When you go for your next swim at your local pool, there probably won't be mini-cams and reporters scribbling in pads waiting.
When Jodi Jaecks does it, there will be.
That's because Jaecks is going to do it topless.
It's not what you think. Jaecks doesn't have breasts. They were removed in a double mastectomy in 2011 after she'd developed breast cancer. This February, as a way to help recover, the athletic, 47-year-old Seattle chef wanted to go for a swim at the Medgar Evers public pool near her home. But wearing a full swimsuit or a bikini top caused her searing pain. She told the pool's aquatics director that she was going to swim topless instead.
Uh, well, that was going to be a problem. After all, there's a sign posted right in the window that reads: This is a family recreation facility. Please dress and act accordingly.
Sorry but that won't be allowed. Jaecks left the pool without her swim.
Four months later, a Seattle weekly newspaper, The Stranger, got wind of what happened. Next thing you knew, Jaecks was a walking, breathing issue.
"That should keep kids up at night," Pam Durant wrote in an email to the Seattle Times. "Where will it stop? Would we want to see a man's genitals so we can become aware of testicular cancer?"
"So a man with breasts can swim topless," a poster identified only as "Allyn" wrote on a message board, "but a woman without breasts can't. Sexism much?"
The surgery removed not only Jaecks' breasts, but her nipples, too. There are only two scars there now. Her body looks mostly like that of a tightly built man with a very thin waist.
The pain is mostly gone these days, but "I just couldn't see wearing one of those mastectomy suits with the prosthetic breasts sewn in," she says. "I kept trying different ones but they didn't fit. Seems like it'd be hard to swim with those weights on your chest. And I just realized, 'This is silly. There's nothing to cover up.'"
In fact, she kicks herself for not just walking into that pool in a pair of swim trunks and a towel and swimming without asking permission. "Nobody would've noticed," she guesses. "I get called 'sir' all the time."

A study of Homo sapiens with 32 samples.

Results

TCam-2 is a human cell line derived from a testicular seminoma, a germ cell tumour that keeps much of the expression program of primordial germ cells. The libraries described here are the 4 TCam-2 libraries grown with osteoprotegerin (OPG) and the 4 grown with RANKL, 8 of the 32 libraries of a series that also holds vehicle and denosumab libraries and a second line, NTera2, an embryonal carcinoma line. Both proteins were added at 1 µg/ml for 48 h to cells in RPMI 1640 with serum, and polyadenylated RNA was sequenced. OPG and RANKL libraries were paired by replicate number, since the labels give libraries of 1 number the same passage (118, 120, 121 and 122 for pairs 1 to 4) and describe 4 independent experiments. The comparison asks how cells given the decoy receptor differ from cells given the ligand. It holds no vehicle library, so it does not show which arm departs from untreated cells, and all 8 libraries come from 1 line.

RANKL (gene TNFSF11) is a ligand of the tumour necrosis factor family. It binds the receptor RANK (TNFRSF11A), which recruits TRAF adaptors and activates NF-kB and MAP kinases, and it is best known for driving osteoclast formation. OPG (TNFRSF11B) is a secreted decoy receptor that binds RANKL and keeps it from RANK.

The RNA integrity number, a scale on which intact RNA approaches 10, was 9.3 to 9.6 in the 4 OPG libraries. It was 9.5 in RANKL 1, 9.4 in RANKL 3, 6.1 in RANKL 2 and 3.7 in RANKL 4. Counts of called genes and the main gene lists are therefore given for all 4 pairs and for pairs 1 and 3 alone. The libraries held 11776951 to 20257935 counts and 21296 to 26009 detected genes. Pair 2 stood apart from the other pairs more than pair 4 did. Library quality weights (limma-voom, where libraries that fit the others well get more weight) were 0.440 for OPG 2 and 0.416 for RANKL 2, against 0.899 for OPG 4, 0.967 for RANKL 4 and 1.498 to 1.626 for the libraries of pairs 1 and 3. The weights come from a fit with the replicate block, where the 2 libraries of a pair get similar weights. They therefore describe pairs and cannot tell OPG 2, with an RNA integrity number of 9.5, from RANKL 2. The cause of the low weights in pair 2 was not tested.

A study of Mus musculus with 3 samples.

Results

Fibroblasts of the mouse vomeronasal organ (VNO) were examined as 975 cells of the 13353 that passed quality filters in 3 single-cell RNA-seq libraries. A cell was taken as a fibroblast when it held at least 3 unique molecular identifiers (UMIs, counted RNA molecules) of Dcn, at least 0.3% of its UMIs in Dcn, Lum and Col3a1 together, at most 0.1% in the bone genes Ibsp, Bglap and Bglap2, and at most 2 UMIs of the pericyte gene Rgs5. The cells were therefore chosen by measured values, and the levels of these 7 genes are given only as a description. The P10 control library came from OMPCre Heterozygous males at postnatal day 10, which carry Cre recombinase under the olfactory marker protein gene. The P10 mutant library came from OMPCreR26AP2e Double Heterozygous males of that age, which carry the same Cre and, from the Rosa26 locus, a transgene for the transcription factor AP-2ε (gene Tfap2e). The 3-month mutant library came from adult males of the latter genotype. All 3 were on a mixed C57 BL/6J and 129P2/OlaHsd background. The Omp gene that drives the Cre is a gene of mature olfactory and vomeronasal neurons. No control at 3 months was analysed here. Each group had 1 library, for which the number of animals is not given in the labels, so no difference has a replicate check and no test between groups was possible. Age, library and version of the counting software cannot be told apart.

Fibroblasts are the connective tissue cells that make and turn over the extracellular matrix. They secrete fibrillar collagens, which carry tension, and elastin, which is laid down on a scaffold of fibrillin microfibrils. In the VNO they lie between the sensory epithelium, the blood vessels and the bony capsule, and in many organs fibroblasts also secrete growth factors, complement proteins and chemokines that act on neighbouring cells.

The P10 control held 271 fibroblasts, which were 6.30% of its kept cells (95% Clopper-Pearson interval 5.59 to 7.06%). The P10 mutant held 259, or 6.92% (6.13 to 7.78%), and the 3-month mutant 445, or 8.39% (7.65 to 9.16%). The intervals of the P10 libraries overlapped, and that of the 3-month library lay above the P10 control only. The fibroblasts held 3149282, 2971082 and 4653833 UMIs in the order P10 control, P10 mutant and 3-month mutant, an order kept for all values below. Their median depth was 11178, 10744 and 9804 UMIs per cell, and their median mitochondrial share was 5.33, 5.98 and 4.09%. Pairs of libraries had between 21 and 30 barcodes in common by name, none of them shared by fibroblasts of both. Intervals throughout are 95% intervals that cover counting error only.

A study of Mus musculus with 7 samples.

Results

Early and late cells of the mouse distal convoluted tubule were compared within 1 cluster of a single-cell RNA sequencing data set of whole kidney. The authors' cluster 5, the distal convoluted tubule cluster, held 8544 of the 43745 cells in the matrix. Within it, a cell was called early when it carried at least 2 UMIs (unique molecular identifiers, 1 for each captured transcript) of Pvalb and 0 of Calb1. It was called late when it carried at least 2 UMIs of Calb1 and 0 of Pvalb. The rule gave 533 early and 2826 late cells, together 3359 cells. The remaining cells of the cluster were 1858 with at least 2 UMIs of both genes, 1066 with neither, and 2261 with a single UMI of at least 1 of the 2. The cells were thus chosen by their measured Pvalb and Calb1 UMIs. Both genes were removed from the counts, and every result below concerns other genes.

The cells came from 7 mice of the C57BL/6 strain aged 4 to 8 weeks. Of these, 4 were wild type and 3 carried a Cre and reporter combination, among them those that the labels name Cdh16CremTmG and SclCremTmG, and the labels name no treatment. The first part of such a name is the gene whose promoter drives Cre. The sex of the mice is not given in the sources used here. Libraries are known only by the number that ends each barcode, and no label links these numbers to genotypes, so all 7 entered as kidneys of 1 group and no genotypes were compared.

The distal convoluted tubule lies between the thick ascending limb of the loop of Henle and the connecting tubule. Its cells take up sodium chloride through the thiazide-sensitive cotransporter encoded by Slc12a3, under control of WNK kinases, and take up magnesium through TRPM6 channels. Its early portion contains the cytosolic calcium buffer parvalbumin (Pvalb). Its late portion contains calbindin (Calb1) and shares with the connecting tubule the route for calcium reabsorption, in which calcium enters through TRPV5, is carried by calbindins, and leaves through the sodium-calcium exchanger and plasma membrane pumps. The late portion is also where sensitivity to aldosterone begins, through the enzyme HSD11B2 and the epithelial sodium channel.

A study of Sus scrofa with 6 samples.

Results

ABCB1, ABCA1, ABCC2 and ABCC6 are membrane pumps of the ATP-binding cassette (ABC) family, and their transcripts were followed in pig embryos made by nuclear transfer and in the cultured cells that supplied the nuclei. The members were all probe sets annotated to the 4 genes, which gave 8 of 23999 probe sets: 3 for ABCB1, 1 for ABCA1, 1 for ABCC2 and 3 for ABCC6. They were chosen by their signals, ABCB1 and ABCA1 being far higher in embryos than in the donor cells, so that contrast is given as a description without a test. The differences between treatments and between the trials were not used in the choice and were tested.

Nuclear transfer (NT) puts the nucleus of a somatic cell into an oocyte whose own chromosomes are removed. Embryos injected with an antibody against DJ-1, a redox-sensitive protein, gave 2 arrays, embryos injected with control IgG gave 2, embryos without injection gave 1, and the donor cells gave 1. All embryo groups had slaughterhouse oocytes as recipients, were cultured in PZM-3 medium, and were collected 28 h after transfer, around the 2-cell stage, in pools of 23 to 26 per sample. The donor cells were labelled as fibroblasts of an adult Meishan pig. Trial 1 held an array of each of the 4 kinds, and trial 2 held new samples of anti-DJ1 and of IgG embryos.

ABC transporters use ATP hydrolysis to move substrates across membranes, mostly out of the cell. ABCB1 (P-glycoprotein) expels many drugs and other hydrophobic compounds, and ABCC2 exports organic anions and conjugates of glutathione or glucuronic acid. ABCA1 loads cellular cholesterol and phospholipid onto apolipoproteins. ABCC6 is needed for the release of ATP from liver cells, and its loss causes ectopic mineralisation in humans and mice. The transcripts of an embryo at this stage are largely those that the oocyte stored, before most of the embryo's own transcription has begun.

But then, last Thursday, Seattle Parks and Recreation director Christopher Williams stepped in. He's getting chemotherapy for lung cancer himself. He called Jaecks and apologized, then reversed the ruling. He said Jaecks -- and only Jaecks -- could swim in Seattle's public pools topless, and only during adult-swim periods.
That only poured unleaded all over this thing.
The cons: This is not about swimming. This is about a lesbian trying to make a statement.
The pros: Hundreds of women in Washington alone get double mastectomies every year. Why a rule for just her?
Jaecks is disappointed that the rule only applies to her. She vows not to dip so much as a pinkie toe into a pool until the rule covers all double-mastectomy women. And she knows a lot of them.
"I'm hearing from all kinds of cancer-surviving women, all over the world, who want to swim with me," she says. "Maybe we'll have a swim-a-thon."
That got Williams to thinking maybe he should've done more. Monday, he met with Jaecks to see what can be done to make Seattle pools more "inclusive."
Jaecks thinks she'll know by the fall.
Me, I know right now.
This is not a nudity issue. This is a changing-times issue.
As happens to approximately 10,000 women every year in this country, both of Jodi Jaecks' breasts were suddenly gone. Only 37 percent of women who have breasts removed get reconstructive surgery to replace them. These women live among us every day. What's to offend? There's nothing to see here, folks. Literally.
Some pools in the world still insist women wear swim caps. If she lost all her hair, would they make her wear one? If a restaurant employee has no hands, must he still wash them before he goes back to work?
Is it too hard on our kids, on us, to see scars where breasts used to be? Are we that void of compassion that we can't stand to look? Does that mean we don't want our kids seeing the leg stumps of a soldier who's going for his daily swim?
Jaecks made the decision to have her breasts removed after seeing a photo on Flickr.com of a woman post-double mastectomy on a beach, shirtless, with her two kids. "She was beautiful and healthy and fit," Jaecks remembers. "She just looked so joyful." It gave her the courage to do it herself.
So, yes, Jaecks is making a statement here. And it's this:
"I had cancer. I lost my breasts. There's hundreds of thousands of us out there. And more every day. It's not the end of the world. We go on. We swim. We live. We accept it. Why can't you?"